Governor Jerry Brown visited science classrooms at Hart High School today before meeting with a select group of 150 educators and public safety officials in the school’s cafeteria to talk about the budget.
The stop was part of Brown’s statewide campaign to push his proposal of extending existing tax rates to cover California’s fiscal shortfall.
Despite online notices that protests would be held in front of the school during Brown’s visit, less than 20 protestors showed up to wave signs and shout at the arriving delegation. Students reacted to the governor’s visit as a small inconvenience in a normal school day.
“At the state capitol we have to deal in a very general way various cities and school districts from the Oregon border to the Mexican border. Each decision we make has very concrete, very real ramifications,” Brown said. “We are facing some real budget challenges. It’s been going on for several years and it’s not isolated to Santa Clarita.
“How we get through that is the task,” he continued. “In proceeding, it’s important that the people know exactly what the choices imply. Sometimes because of the lack of credibility on the part of elected officials, people are rather skeptical of what we have to say and that’s why I think it’s very important that you get a chance to speak from your own knowledge.”
Sharing the dais with Brown were State Budget Director Ana Matosantos, Los Angeles County Sheriff Lee Baca, Assemblyman Cameron Smyth, California Superintendent of Public Instruction Tom Torlakson, California Probation Chief Donald Blevins and Interim L.A. County Superintendent John Gundry.
In the audience were a sea of educators, not just Hart district administrators, but members of all local school boards, some teachers and selected students, local government officials and high-ranking members of the Los Angeles County Sheriff’s Department, LAPD and the L.A. County Fire Department.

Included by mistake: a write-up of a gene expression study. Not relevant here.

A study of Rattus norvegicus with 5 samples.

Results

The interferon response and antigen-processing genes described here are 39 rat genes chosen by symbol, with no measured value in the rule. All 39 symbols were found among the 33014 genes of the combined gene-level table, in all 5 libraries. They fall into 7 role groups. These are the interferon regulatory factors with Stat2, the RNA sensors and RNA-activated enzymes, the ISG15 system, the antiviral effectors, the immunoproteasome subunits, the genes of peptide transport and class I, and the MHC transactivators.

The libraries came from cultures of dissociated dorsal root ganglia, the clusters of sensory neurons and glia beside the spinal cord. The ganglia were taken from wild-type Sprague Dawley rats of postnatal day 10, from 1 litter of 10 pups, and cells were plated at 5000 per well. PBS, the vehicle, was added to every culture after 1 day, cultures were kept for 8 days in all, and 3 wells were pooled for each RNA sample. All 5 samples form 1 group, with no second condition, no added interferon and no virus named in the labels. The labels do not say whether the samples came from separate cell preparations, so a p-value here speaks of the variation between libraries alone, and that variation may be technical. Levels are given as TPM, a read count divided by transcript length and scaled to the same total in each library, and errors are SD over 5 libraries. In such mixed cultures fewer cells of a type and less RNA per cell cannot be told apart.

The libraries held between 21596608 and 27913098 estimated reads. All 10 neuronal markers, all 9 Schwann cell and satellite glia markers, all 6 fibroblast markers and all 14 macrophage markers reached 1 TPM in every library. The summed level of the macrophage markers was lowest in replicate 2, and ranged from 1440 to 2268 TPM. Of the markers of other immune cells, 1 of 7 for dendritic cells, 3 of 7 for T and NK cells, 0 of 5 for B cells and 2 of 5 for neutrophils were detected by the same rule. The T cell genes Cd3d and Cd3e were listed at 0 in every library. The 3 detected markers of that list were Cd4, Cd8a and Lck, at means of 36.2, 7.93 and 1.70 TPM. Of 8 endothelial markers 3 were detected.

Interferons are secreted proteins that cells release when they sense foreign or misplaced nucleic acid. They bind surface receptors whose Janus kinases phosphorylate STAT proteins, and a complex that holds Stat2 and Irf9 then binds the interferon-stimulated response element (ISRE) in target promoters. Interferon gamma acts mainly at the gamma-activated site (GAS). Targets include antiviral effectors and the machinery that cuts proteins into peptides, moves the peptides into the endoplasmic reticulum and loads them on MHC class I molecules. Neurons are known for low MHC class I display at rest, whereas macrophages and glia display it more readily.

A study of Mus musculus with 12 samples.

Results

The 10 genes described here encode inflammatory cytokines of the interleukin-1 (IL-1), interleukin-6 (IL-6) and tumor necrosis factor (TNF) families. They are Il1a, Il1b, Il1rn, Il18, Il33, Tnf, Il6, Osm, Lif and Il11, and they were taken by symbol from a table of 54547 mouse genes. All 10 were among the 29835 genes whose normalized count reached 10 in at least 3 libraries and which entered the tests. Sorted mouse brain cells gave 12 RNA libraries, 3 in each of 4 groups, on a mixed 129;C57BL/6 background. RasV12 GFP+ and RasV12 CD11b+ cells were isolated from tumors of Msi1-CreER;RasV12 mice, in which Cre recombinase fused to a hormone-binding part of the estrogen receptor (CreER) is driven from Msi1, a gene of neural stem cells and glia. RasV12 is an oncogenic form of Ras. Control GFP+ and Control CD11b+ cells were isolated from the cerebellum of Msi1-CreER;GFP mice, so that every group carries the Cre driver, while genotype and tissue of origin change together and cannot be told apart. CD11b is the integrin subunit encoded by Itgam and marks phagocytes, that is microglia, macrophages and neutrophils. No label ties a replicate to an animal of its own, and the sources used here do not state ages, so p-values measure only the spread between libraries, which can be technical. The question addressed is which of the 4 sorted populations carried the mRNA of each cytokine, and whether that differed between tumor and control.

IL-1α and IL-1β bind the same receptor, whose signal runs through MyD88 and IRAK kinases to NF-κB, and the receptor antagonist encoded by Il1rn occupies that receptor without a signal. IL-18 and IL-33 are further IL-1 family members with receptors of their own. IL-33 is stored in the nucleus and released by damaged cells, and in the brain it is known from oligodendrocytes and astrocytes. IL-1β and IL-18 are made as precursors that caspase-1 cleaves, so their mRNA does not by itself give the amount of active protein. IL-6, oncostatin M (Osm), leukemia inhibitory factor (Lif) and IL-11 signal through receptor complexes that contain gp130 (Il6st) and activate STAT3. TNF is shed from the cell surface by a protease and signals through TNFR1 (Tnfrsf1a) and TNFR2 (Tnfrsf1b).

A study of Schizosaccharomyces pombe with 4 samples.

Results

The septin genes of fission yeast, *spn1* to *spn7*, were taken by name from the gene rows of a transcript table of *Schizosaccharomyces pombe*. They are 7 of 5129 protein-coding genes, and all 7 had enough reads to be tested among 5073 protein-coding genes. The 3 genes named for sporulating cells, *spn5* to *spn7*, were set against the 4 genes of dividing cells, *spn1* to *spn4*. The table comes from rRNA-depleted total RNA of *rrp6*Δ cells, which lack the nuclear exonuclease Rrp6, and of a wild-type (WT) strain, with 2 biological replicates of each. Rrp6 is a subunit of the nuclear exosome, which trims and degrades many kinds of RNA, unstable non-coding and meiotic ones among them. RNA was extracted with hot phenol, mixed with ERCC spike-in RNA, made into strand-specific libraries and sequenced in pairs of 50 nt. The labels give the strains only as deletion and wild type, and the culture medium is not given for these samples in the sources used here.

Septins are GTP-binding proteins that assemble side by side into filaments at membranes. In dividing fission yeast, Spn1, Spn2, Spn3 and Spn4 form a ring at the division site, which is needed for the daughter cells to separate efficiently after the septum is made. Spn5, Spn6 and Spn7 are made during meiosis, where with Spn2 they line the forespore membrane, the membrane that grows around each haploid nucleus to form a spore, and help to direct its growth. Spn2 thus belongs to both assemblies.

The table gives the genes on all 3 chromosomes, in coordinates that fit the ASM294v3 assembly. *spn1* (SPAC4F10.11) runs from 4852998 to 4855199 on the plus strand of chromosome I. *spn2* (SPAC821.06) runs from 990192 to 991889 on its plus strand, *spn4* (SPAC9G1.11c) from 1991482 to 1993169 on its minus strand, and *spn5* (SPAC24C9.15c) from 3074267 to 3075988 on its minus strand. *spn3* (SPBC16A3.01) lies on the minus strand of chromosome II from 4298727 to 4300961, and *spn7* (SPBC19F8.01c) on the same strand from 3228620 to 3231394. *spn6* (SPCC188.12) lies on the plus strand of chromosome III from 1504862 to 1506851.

Brown and Matosantos presented a quick Power Point that explained where tax monies go, showing that the majority of state revenue goes to education, with health and human services getting the next highest percentage.
The governor said that in years past, the façade of a balanced budget was just that.
“Kicking the can down the road, gimmicks or smoke and mirrors, you choose,” Brown said, referring to budgets that were promoted as balanced by previous administrators.
“We started with a $26.6 billion budget and we have $14.0 billion in cuts voted on by the legislature,” Brown explained. “That leaves us only $13.0 billion to go. That’s a lot.”
“Here we are the richest state in the richest nation in the world and we can’t agree on the basis,” he said, referring to partisan bickering that was contributing to the fiscal impasse. “As we make government lean and efficient, let’s not take it out on the kids.”
After some prepared statements from the panelists, Brown listened intently to presentations from the audience. Teachers union representative and Hart instructor Brian Breslin pointed out that students couldn’t understand why, if they were taught diversity and working together, those same principles couldn’t apply in making a budget compromise in Sacramento or Washington.
Newhall Superintendent Mark Winger outlined the cuts his district had already made and offered the district schools as examples of how more could be done with less if it would help avoid further cuts to education. Joe Messina, who serves on the Hart District Board, brought questions from listeners to his radio show and those submitted by social networkers, adding the issue of illegal immigration to Brown’s “to do” list. Messina said that the amount of money taken from the system by the unsolved federal problems should drive Brown to step up and ask for more immigration reform before it drained even more from state coffers.